Clock ticking on Hudson crossings, Amtrak warns
The end may be near for the New York region's cross-harbor rail tunnels, with no good alternative in sight.
“I’m being told we got something less than 20 years before we have to shut one or two down,” said Amtrak C.E.O. Joseph Boardman at the Regional Plan Association’s conference last week at the Waldorf Astoria. “Something less than 20. I don’t know if that something less than 20 is seven, or some other number. But to build two new ones, you’re talking seven to nine years to deliver, if we all decided today that we could do it."
Tom Wright, the Regional Plan Association’s executive director, described Boardman’s remarks as “a big shock.”
“I’ve been hearing abstractly people at Amtrak and other people at New Jersey Transit say for years the tunnels are over 100 years old and we have to be worried about them,” he said. “To actually have Joe put something concrete on the table, less than 20 years … Within my office, there was a level of, ‘Wow, this is really serious.'”
New Jersey governor Chris Christie spiked plans to build two new rail tunnels under the Hudson, likely leaving the metropolitan region for the next quarter century with all of two rail tunnels to carry New Jersey commuters into Midtown Manhattan. Those two tunnels are more than a century old and carry more more than 160,000 passengers a day. Hurricane Sandy flooded them and caused a lot of damage. They are also a dangerously narrow chokepoint on the one of the busiest rail corridors in the world.
The state and federally financed project called Access to the Region’s Core would have doubled the number of cross-Hudson tubes and relieved that bottleneck. Construction had already begun when Christie pulled the plug, a putative cost-saving measure that was also meant to demonstrate his state's political independence, and rededicated some of its funding to repairing the Pulaski Skyway.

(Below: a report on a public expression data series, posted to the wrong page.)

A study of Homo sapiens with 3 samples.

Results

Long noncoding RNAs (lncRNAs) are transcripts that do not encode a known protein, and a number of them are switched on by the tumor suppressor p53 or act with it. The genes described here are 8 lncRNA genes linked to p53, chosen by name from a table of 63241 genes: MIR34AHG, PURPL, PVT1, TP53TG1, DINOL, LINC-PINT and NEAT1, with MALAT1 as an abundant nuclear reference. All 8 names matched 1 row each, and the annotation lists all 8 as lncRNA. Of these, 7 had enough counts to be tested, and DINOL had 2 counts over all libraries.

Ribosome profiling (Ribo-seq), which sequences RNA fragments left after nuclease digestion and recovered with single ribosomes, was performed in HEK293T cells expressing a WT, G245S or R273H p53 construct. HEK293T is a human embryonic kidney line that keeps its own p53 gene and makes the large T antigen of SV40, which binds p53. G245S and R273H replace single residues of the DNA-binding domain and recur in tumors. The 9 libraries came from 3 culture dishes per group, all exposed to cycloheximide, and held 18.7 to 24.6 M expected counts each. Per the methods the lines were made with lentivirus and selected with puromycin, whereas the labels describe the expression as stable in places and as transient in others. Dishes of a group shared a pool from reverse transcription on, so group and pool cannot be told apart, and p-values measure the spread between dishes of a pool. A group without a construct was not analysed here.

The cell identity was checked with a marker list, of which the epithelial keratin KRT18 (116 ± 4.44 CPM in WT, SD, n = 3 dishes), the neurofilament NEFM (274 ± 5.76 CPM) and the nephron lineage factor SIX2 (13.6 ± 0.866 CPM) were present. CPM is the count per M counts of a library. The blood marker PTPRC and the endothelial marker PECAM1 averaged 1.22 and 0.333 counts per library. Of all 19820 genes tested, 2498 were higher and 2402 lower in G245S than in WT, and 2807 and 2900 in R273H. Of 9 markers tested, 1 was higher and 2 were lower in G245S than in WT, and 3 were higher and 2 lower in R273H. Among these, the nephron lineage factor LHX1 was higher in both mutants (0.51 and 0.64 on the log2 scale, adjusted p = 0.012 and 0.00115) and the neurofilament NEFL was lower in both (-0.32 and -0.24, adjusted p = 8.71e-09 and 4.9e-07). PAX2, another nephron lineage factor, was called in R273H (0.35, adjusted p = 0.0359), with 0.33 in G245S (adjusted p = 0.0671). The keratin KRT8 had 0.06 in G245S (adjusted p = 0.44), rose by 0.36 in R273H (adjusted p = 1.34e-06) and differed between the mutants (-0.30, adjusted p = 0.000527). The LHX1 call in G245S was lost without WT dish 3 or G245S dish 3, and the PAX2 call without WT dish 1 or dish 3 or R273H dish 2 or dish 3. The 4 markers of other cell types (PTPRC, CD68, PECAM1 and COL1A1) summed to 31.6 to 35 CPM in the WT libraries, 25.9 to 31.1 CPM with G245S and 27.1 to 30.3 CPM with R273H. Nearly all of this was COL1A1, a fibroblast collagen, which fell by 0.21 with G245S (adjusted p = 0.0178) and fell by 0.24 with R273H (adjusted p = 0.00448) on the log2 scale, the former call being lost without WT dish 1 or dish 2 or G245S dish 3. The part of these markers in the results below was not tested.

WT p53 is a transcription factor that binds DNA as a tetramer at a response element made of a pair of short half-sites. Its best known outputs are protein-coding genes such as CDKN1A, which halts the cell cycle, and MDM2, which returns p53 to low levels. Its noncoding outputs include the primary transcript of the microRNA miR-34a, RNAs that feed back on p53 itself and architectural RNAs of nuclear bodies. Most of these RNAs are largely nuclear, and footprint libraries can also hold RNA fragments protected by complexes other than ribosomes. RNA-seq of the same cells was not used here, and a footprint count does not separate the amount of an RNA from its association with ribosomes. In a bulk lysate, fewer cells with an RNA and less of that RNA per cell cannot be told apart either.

Senator Chuck Schumer last year called Christie’s decision "one of the worst decisions that any governmental leader has made in the 20th century, or the 21st century.”
Amtrak has since come up with a new, still-unfunded plan called the Gateway Program. Like A.R.C., it would build two new tunnels under the Hudson River. Amtrak's literature puts the target completion date at 2030, but Boardman, recounting a panel discussion he'd attended earlier that day, said the panel's consensus was “25 years if you’re lucky.”
By his lights, that’s not nearly soon enough, particularly with what he describes as at least a half-billion dollars' worth of Hurricane Sandy-related damage. That could pose some very big problems for the New Jersey commuters and regional rail travelers who rely on those tunnels to get from New Jersey to New York, and back again.
“Today those two tunnels carry 24 trains per hour, 24,” he said. “If you take it to one tunnel, typically you’d assume 12. Not so. Six trains per hour. Six. Because you gotta get 'em in and get 'em out. Six trains per hour. Amtrak does four. So if Amtrak’s selfish and owns the infrastructure and says we’re gonna do our four, well it doesn’t matter whether New Jersey Transit gets two or not, because with two they’re dead anyway. You can’t deliver what we were gonna deliver.”
“Sorry, we are going to have to decline comment across the board,” said William Smith, a New Jersey Transit spokesman, when asked to respond.
When I asked Craig Shultz, an Amtrak spokesman, who told Boardman that the tunnels had 20 years, tops, he said he wasn’t sure.
“As you know the Hudson River Tunnels are more than 100 years old and were filled with salt water during Super Storm Sandy, which can be very corrosive,” he said. “Amtrak is working with an expert to assess the condition of the tunnel structures since the storm, and that work is ongoing.”
“I think the point Mr. Boardman was making in his comments at the RPA Assembly is that damage from Sandy accelerated what was already an urgent need for additional tunnel capacity between New York and New Jersey,” he continued. “ We expect that the tunnels are going to need major rehabilitation, which can only happen with prolonged service outages permitted by a new tunnel. “
Christie's office didn't respond to a request for comment on Boardman's remarks.